Katherine Sacks: What made you interested in becoming a professional chef?
Jacob Des Voignes: I've always been around food. I grew up around Sacramento and there is lots of agriculture all around. Whenever there was a birthday or holiday we got together at our house and made large meals. I always helped out in kitchen. I randomly got a job in a kitchen at 19; it sounded fun. I cooked garde mange station, so oysters and salads. The chef had worked in Philly at Le Bec Fin. He gave one of the cooks as a birthday present White Heat. It was the first time I had seen food in that way and it was pretty mind blowing. I kept cooking and moved to Southern California. I had never been to the East Coast, so I went to stage at Daniel and after that moved and worked for Tom [Collicchio] at Craft. I moved back here and have been in San Francisco for almost 10 years now. A lot of it for me is that connection between the food to the plate and the land and how it got to be there. I love gardening; we have a small farm in the Central Valley. I like the process of growing food and transplanting it onto plate.
KS: How would you describe your culinary style?
JDV: It’s very seasonal, being that so much of how we procure food is directly through farmers. The only thing we get from a distributor ends up being dairy; all the vegetables, fruit, produce is purchased by myself or Yaron [Milgrom], or Andy, the sous chef. We go five days a week to a rotation of farmers markers and also work with local farms. The menu’s constantly in flux; we reprint it every day. So it’s based on what’s available at the market.
KS: What advice would you give young cooks just starting out?
JDV: Cook what you want to cook and do what things you are passionate about, not the thing that is exciting in the media right now. Cook because you want to cook not because you want to be on TV. Get to know people producing food; that’s very important, to have a line of communication that a lot of people don't. You can get beautiful product in a days notice, but the people behind it are important. Get to know them and their stories.
KS: Tell me about your farm.
JDV: It’s a small farm in Lodi in the central valley. We’ve been doing it for three years now. We have a small orchard of stone fruit trees and citrus and a lot of tomatoes, squash, and peppers. Things that thrive and don’t need that much attention. We have a lot of long term plantings, blackberries, raspberries. We are using all that product here. It’s more then we can transport in our car, so we are hoping to get a truck. We can't afford to hire someone to manage it full time, so we manage it with Shuna’s parents and put in an irrigation system. We used to spend every weekend there, but now it’s probably twice month. We also have about 28 chickens. They are spoiled rotten because they eat any fallen fruit. The yolks are the deepest orange you can imagine.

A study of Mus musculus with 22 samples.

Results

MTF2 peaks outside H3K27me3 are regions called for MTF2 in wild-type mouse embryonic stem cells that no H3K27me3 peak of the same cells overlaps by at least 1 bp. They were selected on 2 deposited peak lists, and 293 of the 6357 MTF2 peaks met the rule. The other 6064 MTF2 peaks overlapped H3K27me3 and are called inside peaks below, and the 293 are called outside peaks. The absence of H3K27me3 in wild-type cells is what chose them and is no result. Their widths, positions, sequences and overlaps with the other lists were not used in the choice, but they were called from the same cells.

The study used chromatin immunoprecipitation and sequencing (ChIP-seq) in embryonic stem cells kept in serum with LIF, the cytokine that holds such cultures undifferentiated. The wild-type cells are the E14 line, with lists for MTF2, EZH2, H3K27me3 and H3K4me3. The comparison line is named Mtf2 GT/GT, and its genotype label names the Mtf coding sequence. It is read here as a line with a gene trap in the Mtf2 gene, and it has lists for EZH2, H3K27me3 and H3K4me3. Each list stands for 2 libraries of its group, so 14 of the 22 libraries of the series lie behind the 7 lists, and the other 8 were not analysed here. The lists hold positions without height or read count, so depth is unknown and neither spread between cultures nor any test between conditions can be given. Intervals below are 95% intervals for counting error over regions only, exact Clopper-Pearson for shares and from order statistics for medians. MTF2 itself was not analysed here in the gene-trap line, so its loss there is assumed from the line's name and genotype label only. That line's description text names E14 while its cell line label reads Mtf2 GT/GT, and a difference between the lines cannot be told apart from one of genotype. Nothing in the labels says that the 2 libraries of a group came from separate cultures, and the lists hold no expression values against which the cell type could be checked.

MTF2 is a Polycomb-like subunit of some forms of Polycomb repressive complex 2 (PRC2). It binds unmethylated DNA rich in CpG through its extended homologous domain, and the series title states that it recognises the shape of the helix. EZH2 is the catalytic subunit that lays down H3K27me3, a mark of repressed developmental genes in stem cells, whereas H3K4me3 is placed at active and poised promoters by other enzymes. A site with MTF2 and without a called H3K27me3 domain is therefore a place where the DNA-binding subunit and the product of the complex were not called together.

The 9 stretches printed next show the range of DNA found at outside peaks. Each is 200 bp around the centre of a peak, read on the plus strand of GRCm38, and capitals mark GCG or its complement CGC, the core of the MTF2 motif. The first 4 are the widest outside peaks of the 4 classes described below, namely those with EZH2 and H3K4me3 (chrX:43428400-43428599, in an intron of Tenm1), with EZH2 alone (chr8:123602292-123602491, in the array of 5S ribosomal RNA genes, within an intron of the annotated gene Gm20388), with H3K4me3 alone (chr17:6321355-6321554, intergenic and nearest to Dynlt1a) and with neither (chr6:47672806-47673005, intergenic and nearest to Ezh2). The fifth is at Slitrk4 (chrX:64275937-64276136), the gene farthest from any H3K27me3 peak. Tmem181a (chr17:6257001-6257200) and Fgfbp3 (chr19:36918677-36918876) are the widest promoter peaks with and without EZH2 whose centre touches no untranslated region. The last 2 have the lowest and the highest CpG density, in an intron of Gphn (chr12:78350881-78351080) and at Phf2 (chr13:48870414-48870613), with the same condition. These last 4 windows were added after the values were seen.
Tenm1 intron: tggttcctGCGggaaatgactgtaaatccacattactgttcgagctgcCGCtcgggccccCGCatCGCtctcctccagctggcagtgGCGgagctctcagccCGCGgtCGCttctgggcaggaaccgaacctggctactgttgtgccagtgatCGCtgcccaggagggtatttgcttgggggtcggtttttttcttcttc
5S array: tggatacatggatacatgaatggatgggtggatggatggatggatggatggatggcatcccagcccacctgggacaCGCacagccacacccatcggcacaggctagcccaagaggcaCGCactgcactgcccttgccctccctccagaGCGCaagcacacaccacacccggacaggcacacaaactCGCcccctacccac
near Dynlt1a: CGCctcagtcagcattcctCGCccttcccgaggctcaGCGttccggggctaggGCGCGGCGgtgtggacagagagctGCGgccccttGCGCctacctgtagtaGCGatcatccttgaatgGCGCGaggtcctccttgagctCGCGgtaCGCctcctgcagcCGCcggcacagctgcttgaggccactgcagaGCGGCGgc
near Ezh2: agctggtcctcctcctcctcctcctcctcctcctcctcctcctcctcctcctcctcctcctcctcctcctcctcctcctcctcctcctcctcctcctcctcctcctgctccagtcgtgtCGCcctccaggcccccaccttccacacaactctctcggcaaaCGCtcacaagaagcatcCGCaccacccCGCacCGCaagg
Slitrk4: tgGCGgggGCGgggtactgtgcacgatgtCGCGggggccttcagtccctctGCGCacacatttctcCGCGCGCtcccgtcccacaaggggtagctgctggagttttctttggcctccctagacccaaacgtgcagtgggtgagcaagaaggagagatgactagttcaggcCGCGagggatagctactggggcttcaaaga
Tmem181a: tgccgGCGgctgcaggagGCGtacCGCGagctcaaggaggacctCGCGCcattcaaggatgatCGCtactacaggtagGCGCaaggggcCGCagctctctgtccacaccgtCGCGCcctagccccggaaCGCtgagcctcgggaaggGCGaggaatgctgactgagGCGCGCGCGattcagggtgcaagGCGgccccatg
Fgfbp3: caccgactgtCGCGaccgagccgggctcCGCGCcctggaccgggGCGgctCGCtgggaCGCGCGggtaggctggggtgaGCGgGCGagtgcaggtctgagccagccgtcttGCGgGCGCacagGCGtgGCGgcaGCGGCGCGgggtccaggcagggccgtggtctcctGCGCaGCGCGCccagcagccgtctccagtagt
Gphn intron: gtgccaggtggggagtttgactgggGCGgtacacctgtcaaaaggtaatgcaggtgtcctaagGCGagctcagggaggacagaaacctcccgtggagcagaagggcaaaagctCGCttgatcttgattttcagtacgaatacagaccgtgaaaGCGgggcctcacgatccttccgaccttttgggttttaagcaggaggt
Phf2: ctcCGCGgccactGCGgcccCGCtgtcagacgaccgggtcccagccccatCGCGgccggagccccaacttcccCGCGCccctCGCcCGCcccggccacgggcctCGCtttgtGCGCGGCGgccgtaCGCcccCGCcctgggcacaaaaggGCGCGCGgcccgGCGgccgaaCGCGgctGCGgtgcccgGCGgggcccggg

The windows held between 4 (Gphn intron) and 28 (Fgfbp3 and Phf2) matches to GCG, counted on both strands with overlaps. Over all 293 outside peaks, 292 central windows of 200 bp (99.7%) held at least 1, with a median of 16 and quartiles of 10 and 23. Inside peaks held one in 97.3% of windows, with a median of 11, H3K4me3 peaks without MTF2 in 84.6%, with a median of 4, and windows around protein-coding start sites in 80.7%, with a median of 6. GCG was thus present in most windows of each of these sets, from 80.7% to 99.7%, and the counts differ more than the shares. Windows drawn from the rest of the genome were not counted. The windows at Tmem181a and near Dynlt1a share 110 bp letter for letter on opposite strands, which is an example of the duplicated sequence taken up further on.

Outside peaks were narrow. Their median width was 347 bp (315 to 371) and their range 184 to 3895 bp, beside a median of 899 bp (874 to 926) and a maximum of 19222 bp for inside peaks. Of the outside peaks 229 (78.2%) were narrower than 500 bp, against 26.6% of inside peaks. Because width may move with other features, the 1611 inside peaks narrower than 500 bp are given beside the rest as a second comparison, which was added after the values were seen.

KS: What is the hardest thing you’ve had to do in your career?
JDV: I've done a lot of difficult things. Probably learning to trust other people; it’s important to let people make mistakes and learn but you are operating a restaurant where you want everything to be the best it can be. When you are too overbearing it can stifle staff. Letting mistakes happen.
KS: Where will we find you in 5 years?
JDV: I’ll still be cooking. We are opening a market, construction is starting next week. It will be a full service grocery store with same ethos we bring to restaurant. In the neighborhood there aren't grocery stores, just corner markets. The closest one is BiRite. It will be whole food, meat, fish, cheese; all product that isn’t single ingredient we'll make in house.